Connect a Remote MySQL Database Using the Command Line

Remote connections are needed when we work in a distributed environment. This tutorial is a step-by-step guide that educates how to connect a remote MySQL database using the command line.

Connect a Remote MySQL Database Using the Command Line

Before moving on, it is necessary to have a few things first - access to the command line or terminal window and a MySQL server running on another location (a remote MySQL server).

We will also need root or sudo privileges on remote and local machines. You can also use ssh to remotely connect if you don’t have direct access to the MySQL server.

You can use this article if you want to connect using ssh.

This tutorial will guide you in establishing a remote connection with a MySQL database using a command line. It includes the following steps.

  1. Edit the MySQL config file
  2. Configure the Firewall to allow remote connections
  3. Allow the root login remotely
  4. Connect to a remote MySQL Server

The following is the detail for every step.

Edit the MySQL config File

Use the following command to open the config file in a text editor. We use a nano text editor, but you can use any text editor you feel comfortable with.

sudo nano /etc/mysql/mysql.conf.d/mysqld.cnf

Suppose we have forgotten or don’t know the path of the config file, then we can use the find command to know the location of the config file. Once the config file is opened, search for the [mysqld] section.

Under the [mysqld] section, find bind-address and change its value from 127.0.0.1 to 0.0.0.0 or comment on this line using the # symbol.

What is the reason for updating the bind-address option? Due to default settings, we can connect to this server using a local machine whose IP address is 127.0.0.1.

We allow all the machines to connect with this server remotely by commenting on this option using the # symbol or replacing its value with 0.0.0.0.

If we want only one machine connected remotely, we can write our host machine’s IP address instead of 0.0.0.0. Once we are done with the changes, save them and exit from the file.

To apply the updates, restart the MySQL server using the following command.

sudo systemctl restart mysql

Configure Firewall to Allow Remote Connections

While configuring the bind-address in the config file, you may have observed that the default MySQL port is 3306. Here, we will adjust the settings to allow remote traffic to the default port of MySQL, which is 3306.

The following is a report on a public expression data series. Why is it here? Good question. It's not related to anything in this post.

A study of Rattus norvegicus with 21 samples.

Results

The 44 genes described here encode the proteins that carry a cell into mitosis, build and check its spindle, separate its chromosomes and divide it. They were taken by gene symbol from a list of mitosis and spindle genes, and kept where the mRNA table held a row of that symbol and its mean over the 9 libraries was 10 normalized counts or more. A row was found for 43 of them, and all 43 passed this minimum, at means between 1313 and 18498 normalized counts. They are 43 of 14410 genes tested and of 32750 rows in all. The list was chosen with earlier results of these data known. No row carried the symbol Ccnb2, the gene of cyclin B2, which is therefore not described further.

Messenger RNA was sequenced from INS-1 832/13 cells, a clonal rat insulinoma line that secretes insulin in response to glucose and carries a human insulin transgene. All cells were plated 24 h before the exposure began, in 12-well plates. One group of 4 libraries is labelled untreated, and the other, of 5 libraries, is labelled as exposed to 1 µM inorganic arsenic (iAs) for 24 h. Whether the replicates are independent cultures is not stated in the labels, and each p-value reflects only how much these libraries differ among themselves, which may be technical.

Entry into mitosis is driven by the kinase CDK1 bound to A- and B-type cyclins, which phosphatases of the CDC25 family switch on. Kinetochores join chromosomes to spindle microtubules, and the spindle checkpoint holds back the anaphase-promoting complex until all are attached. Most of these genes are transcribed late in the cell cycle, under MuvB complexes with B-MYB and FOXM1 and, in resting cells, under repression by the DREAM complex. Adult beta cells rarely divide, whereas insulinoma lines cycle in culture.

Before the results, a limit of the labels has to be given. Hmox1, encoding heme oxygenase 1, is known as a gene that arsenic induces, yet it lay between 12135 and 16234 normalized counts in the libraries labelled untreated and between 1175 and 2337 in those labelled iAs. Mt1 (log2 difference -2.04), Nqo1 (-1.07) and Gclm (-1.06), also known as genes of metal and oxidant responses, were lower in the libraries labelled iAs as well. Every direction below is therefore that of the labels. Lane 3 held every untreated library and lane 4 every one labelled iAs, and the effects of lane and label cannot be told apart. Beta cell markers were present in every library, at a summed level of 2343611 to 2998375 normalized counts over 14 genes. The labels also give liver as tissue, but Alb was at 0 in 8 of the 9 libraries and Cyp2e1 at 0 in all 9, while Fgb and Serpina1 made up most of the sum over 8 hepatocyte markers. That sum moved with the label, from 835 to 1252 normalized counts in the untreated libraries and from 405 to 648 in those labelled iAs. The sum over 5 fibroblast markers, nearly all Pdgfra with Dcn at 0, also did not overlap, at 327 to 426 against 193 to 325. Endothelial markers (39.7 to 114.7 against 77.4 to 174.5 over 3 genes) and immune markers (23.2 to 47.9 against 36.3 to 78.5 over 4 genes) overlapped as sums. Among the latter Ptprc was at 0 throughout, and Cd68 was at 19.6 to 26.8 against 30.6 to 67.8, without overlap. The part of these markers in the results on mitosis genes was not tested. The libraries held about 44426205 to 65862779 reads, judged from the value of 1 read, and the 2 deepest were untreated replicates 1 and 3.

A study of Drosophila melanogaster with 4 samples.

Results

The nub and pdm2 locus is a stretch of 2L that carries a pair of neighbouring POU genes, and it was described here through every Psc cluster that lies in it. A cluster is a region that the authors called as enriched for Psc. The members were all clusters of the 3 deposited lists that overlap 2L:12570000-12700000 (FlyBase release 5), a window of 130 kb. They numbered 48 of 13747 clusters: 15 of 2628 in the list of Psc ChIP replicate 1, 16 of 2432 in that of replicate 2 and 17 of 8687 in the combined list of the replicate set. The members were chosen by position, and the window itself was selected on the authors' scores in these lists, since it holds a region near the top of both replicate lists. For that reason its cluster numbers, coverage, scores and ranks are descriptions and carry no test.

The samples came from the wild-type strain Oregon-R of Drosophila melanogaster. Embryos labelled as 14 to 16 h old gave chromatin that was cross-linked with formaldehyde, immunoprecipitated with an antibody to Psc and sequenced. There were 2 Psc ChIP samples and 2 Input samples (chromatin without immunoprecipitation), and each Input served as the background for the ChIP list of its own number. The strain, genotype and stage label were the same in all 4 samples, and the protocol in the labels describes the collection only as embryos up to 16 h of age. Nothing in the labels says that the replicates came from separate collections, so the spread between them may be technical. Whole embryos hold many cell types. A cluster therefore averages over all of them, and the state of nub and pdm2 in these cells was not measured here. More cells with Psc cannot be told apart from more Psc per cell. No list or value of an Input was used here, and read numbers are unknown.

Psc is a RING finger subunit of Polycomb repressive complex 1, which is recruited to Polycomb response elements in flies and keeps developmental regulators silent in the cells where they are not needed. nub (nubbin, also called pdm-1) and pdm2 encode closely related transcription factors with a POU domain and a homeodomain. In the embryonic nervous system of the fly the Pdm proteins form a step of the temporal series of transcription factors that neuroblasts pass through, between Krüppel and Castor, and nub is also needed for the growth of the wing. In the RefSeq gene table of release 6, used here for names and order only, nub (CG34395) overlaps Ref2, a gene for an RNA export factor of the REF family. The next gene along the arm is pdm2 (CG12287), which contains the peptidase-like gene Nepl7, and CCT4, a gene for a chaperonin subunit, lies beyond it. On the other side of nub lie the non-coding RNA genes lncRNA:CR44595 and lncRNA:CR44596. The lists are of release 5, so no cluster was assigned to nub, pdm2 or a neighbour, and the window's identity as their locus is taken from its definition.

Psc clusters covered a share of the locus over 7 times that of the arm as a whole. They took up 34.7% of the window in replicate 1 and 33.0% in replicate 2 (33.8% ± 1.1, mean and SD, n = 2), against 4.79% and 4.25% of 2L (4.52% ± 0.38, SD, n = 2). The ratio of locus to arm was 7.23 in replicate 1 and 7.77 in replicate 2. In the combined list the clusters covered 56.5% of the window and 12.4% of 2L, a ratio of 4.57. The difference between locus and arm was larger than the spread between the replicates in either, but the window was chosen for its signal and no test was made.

Before opening the traffic, we must configure the firewall properly. Once it is done, we can use the command given below to open the traffic for this particular port.

Since we are using Ubuntu 20.04, we will use ufw (uncomplicated firewall).

sudo ufw allow from your_remote_ip_address to any port 3306

As soon as we press Enter, we will see that the rules are updated successfully.

Allow Root Login Remotely

Due to its default settings, we can connect to root by using a local machine. We need to make a few changes to allow remote machines to connect as a root.

To do that, use the following commands.

mysql> GRANT ALL PRIVILEGES ON *.* TO 'root'@'localhost';
mysql> UPDATE mysql.user SET host='%' WHERE user='root';

Then, restart the MySQL server using systemctl as follows.

sudo systemctl restart mysql

Connect to a Remote MySQL Server

Once the remote MySQL server is ready to accept remote connections, we can use the following command to make a connection with our remote MySQL server.

mysql -u your_username -h your_mysql_server_ip -p

Here, replace your_username with your user name and your_mysql_server_ip with your IP. You can also use your MySQL server’s hostname.

The -p will ask you to enter the password for the username that you used in the command given above.

You will be finally connected to a remote MySQL server if you have done everything correctly. To grant remote access to a database, we can execute the following queries.

mysql> update db set Host='ip_address' where
    -> Db='yourDB_name';

mysql> update user set Host='ip_address' where
    -> user='username';

Replace the username, Host, and Db with your specified values. After that, you can now access the specified database from a remote location.